September 24, 2012

Icy Antarctica is a Hot Bed For Discovery

Antarctica is known for being a scientific hotspot (despite the freezing cold!) for measuring the effects of climate change, and today there are multiple scientific research stations (such as the Amundsen-Scott South Pole Station, as well as McMurdo station on Ross Island and Palmer station on Anvers Island) that help scientists stay up-to-date on what climate change is affecting and how.

In 2008, scientists discovered the fossil of a lake ostracod in the Dry Valleys of East Antarctica. No other fossil like it has been found on the entire continent of Antarctica. The fossil finding provided evidence that  this region of Antarctica was much warmer- warm enough to support lake fauna with ostracods- about 14 million years ago. Since that period, it is blatantly apparent that Antarctica has experienced a substantial and intense cooling which has since buried these lakes under layers and layers of ice. What was once a tundra is now an iceland. These findings have given scientists a better understanding of how the Antarctic ice-sheet developed, which will in turn allow them to better understand the effects of global warming.

In recent years, researchers have discovered that the retreat of sea ice in some parts of Antarctica is detrimentally affecting some Antarctic species, and the recent warming of water temperature is adding to the proliferation of  undersea giants in the region.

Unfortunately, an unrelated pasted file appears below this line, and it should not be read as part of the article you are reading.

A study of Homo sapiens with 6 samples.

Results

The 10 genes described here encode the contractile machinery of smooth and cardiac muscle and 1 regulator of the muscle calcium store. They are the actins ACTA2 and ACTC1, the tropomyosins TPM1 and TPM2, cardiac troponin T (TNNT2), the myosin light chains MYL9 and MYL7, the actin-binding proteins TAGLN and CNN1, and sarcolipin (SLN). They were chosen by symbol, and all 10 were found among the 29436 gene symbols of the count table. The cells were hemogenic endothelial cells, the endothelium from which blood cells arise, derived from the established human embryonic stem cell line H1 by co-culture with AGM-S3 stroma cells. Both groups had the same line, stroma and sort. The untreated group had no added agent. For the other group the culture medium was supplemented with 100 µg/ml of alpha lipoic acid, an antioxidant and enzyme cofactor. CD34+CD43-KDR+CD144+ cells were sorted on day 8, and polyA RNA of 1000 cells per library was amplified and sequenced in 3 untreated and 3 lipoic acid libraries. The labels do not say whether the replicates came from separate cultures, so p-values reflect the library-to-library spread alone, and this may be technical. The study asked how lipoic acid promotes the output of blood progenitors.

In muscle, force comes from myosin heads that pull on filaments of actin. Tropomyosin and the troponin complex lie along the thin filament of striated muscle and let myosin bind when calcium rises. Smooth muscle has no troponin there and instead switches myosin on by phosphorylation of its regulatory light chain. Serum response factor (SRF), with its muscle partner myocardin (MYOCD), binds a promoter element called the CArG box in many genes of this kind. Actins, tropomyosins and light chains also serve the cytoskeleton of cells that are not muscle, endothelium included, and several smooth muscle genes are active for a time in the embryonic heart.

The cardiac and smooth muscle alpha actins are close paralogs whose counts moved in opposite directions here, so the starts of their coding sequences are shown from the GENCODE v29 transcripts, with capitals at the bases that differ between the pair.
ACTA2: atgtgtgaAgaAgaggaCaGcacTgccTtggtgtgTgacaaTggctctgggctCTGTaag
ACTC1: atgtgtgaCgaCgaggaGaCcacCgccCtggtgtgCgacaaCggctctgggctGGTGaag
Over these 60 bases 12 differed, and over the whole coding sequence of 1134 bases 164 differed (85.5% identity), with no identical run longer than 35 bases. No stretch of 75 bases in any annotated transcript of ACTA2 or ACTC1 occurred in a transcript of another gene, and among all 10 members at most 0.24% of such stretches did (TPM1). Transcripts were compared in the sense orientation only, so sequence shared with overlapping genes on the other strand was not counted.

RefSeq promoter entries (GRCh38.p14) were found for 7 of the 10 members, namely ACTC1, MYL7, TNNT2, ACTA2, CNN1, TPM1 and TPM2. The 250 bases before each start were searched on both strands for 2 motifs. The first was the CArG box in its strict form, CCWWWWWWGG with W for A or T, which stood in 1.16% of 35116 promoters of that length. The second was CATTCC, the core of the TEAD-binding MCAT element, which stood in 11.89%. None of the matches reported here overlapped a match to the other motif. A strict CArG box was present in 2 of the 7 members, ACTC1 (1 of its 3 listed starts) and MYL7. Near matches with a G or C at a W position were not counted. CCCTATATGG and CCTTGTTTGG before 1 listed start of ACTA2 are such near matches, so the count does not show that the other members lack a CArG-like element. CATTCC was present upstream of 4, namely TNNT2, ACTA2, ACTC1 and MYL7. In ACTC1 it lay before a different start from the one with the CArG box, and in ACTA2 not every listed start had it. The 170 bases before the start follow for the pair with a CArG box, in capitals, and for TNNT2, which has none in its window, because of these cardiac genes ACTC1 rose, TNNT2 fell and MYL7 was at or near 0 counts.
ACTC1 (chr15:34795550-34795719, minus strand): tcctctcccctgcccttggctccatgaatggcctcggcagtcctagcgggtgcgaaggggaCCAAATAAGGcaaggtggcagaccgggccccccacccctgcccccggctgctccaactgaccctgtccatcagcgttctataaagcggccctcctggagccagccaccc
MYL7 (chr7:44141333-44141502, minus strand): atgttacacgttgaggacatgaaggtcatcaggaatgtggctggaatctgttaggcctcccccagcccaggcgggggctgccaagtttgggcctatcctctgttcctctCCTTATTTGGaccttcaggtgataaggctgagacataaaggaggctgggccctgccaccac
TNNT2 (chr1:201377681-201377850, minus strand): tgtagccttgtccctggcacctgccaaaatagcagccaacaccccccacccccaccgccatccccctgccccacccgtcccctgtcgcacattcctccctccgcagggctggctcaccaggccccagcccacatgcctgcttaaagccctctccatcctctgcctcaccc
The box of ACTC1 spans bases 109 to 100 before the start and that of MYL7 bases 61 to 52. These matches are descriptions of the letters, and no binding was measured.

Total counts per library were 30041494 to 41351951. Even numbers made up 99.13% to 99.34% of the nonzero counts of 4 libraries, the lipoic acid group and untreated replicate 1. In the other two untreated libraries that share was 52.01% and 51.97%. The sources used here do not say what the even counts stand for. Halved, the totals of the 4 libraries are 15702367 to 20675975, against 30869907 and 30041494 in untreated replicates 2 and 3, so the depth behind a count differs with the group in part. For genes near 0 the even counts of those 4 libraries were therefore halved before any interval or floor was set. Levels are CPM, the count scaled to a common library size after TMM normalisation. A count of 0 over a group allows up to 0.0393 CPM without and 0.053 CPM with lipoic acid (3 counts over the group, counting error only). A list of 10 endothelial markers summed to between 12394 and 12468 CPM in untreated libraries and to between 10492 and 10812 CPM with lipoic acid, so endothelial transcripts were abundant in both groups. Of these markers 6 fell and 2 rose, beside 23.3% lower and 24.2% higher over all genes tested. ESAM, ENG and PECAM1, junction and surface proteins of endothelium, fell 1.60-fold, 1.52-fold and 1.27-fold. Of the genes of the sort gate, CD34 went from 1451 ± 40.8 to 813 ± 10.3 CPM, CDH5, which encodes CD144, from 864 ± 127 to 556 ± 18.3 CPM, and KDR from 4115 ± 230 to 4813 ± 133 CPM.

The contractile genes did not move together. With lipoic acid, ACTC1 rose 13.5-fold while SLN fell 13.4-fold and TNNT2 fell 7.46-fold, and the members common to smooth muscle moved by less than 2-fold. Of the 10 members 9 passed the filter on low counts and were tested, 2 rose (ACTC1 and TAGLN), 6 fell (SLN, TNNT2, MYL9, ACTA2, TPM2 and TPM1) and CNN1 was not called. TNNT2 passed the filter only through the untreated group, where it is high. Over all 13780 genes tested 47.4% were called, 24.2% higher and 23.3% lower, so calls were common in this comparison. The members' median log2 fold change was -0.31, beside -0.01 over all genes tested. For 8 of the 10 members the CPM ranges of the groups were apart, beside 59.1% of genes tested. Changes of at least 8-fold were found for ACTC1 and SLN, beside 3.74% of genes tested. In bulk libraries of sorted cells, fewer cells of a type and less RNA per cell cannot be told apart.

Look at the size of these sea stars! They’re huge! Antarctica is also the prime location for researchers to follow the changing state of our ozone layer as well as the further implications of global warming’s effects on the environment as a whole.

However, the effects of climate change aren’t the only things Antarctica is revealing to scientists. Researchers are also currently studying adaptations of various life-forms that allow them to withstand the harsh conditions of living in Antarctica as well as how those adaptations may be used to benefit human health. They are also studying how they themselves and other researchers are faring in the conditions of the Antarctic in hopes of learning how humans could survive other extreme ecosystems.

Research in Antarctica may hold many of the answers we seek about the future of the planet in the context of climate change as well as many other fascinating findings. If you want to know more about all the different types of research going on in Antarctica check out the United States Antarctic Program.